Things are not always what they seem. Tropicana Orange Juice contains oranges from Brazil. Only certain brands actually use Florida oranges. But, virtually all Grapefruit juice is home grown in the USA. The presence of fungicides in orange juice from Brazil caused some folks to actually read food labels. But food labels are deceiving. In fact, they are designed to be deceiving. Labels such as “Not from Concentrate” and “100% Pure” mean absolutely nothing. Orange juice is heavily adulterated in most forms.
The USDA points out that only 15% of the Apple juice currently consumed in the United States is made with apples from our country. And where does the bulk of our apple juice supply originate? In China, where the apples made to make the juice are considered unacceptable for eating. Or, to put it another way, we feed our children juice from apples the Chinese refuse to eat.
Olive Oil “Made in Italy” simply means that there is a factory where olives from Morocco or Greece are packed in bottles in a process that takes place on Italian soil. over 90% of the “Made in Italy” olive oil sold in the United States is made from olives sourced from outsside Italy. Oh, one other small thing. Olive oil spoils quickly. It should be consumed within six months of its bottling date after which it begins to turn rancid. If there is no bottling date on the label, the oil should be avoided.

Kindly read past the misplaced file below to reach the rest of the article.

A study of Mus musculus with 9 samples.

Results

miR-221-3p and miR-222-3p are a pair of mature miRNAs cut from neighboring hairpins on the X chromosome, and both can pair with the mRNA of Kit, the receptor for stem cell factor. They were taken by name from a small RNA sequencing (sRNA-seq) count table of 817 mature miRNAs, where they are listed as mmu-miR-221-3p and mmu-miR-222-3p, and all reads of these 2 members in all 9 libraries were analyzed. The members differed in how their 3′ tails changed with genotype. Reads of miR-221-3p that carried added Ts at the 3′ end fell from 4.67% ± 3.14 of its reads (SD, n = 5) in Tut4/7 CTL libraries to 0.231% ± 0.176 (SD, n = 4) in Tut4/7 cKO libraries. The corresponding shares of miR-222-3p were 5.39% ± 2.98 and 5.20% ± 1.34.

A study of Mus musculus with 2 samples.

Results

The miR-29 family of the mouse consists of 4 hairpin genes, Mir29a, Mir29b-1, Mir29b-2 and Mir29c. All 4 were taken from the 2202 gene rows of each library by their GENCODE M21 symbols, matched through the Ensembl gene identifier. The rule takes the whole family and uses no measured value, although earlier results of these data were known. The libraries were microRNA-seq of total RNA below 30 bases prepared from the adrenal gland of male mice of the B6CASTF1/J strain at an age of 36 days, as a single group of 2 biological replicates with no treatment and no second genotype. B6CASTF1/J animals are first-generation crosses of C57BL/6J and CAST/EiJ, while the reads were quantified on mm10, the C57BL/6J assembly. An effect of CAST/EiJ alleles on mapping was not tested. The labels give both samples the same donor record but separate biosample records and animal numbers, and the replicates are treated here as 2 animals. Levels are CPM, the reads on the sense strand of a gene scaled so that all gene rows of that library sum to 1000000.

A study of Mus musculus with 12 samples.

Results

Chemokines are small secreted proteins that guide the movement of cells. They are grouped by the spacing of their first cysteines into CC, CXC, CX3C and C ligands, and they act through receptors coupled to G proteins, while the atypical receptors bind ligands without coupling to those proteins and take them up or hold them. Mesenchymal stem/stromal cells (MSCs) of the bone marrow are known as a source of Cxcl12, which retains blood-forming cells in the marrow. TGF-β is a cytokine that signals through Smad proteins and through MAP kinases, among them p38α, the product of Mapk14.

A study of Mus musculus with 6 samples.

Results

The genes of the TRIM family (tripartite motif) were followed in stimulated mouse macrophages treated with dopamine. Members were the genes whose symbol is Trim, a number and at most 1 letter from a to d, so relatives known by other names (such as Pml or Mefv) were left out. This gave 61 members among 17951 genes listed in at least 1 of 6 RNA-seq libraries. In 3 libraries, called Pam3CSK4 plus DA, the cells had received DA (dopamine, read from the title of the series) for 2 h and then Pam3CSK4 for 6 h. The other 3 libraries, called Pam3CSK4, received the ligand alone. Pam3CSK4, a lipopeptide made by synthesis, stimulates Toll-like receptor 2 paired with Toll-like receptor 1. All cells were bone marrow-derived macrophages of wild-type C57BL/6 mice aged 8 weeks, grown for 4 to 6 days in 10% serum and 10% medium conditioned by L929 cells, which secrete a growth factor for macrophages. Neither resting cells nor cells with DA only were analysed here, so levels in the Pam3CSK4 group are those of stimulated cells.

So-called Parmesan cheese, the grated kind in every kitchen cabinet in America, is made in Venezuela. I*f you’re lucky, your brand may be made in Germany. Authentic Parmesan cheese from Italy is just too expensive to be included in the cheese toppings we buy off supermarket shelves.
One of the major differences between the American and the European approach to food is our intellectual laziness on the subject. We offer blind faith versus their food reason. In countries like Sweden, Germany, France, and Italy, supermarkets routinely indicate the source of their products and they are dealing with a far better educated consumer. In the US, for instance, signs proudly proclaim “fresh farm fish.” This usually means that fish swim in giant overpopulated pools, virtual bacteria cesspools. That is why farmed fish is less expensive then “wild caught”. Stores like Costco and Walmart sell frozen farmed fish from Thailand and Vietnam. Both countries have had serious levels of bacteria show up in their farmed fish population.
We also include fish in our diet who are known bottom feeders. This tends to mean that the opportunity for bacteria to appear in the fish is dramatically heightened. Think Tilapia, to use one prominent example.
Then there is bread. Why does it taste so good when we travel? This is an area where, it must be said, we are making great progress and the Foodie Movement is creating a desire for a better product. But operating a city bakery that turns out authentic bread is a tough road to buisness success. When purchasing or ordering bread, the rule of thumb is that it ought to have only four ingrediants: Flour, Salt, Water and Yeast. If the label goes much beyond that you are eating fake bread.
No one has ever launched an “Occupy Your Supermarket” movement and we can;t help wondering whjy since the health of our loved ones is clearly at risk and mislabeling is the methodology of those who prey on our food ignorance.